Saraswati and Lakshmi (Pair) 03

by Raja Ravi Varma
(inclusive of taxes)


Size: 31.5 x 23.5 inches (Framed)
Medium: Oleograph
Condition: Fading and slight damage to frame
Signature: Signed by Ravi Varma


Saraswati is the Hindu Goddess of knowledge, wisdom, music, and the arts. She is often depicted with four hands instead of two, holding a Veena (musical instrument) along with a Japamala (prayer beads). Her mount, the peacock is seated beside her.
Lakshmi is the Hindu Goddess of wealth and prosperity. The wife and shakti of Lord Vishnu, she is depicted with four arms, holding the lotus flower in two of them. She is seen standing on a lotus, and an elephant is seated beside her.
These two oleographs are from the 1940s-50s and are available as a pair. The oleograph of Goddess Saraswati has slight damage to the frame, and there is overall fading of colour. The artwork measures 31.5 x 23.5 inches with the frame.
The oleograph of Goddess Lakshmi is signed by Ravi Varma on the bottom left. There is some damage to the frame on the bottom left and top, as well as slight fading in the artwork. It measures 31 x 22 inches with the frame.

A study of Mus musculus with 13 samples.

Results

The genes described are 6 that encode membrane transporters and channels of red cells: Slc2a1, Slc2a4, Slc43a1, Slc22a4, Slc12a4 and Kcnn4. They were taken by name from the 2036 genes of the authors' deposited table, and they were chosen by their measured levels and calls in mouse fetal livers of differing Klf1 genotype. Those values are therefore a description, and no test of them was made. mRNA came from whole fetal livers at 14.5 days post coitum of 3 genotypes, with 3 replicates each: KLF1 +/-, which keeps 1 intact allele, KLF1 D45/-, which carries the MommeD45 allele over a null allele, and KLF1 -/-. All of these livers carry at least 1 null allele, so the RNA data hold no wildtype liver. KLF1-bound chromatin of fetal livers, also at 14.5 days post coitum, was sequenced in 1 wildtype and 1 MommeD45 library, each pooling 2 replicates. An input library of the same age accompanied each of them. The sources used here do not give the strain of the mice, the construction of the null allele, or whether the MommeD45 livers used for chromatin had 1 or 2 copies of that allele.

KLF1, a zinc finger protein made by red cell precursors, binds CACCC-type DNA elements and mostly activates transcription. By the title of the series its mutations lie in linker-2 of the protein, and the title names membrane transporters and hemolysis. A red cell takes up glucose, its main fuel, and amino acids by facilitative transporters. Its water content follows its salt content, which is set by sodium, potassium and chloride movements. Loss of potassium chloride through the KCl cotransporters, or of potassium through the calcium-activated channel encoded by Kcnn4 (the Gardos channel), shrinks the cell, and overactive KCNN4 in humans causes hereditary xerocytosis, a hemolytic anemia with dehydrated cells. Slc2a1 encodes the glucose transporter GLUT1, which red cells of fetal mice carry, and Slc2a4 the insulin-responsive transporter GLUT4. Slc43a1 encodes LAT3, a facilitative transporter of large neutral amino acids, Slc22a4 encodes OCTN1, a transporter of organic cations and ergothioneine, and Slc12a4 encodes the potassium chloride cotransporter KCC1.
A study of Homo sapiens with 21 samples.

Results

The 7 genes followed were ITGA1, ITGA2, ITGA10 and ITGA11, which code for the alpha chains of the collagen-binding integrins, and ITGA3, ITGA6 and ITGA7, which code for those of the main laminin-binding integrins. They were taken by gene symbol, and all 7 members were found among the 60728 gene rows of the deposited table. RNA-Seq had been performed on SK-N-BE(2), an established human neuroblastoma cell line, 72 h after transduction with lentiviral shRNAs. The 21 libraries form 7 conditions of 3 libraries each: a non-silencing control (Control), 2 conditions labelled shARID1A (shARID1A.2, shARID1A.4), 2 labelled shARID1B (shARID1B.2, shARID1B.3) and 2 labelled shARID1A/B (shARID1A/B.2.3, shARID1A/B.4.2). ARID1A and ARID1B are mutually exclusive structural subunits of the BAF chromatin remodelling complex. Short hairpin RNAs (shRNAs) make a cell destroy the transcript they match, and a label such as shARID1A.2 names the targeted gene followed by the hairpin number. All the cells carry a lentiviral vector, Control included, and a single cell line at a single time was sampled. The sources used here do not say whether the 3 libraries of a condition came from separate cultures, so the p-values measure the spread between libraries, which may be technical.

• ABOUT Raja Ravi Varma

    Raja Ravi Varma (1848-1906) was a celebrated Indian artist, famous for his realistic portrayal of Indian gods, goddesses and mythological characters, in scenes adapted mainly from the Mahabharata, Ramayana and the Puranas.

    Considered to be one of the greatest painters in the history of Indian art, Ravi Varma fused European techniques with a pure Indian sensibility. Though a protégé of royalty, Raja Ravi Varma was the first to make prints (or lithographs) of his artworks affordable and easily available, bringing fine art to the masses. In fact, the Raja Ravi Varma Press was started in Mumbai by him in 1894, and managed by his brother Raja Varma, before being bought over by a German company. 

    An original 1890 Ravi Varma oil on canvas, titled 'Radha In The Moonlight' was sold for a whopping Rs. 20 crores at a Pundole auction in November 2016.


    Oleographs, also called chromolithographs, are multi-colour art prints, stemming from the process of lithography. Pioneered in the 1830s, the process of producing oleographs came into wide commercial use in the 1860s. The technique relied on using several woodblocks or stones with colours for printing, while hand-colouring remained an important aspect as well. Depending on the number of colours present, an oleograph could take months to produce by very skilled workers. Poor preservation and cheaper printing alternatives have made oleographs hard to find. Today, they are mainly used as fine art.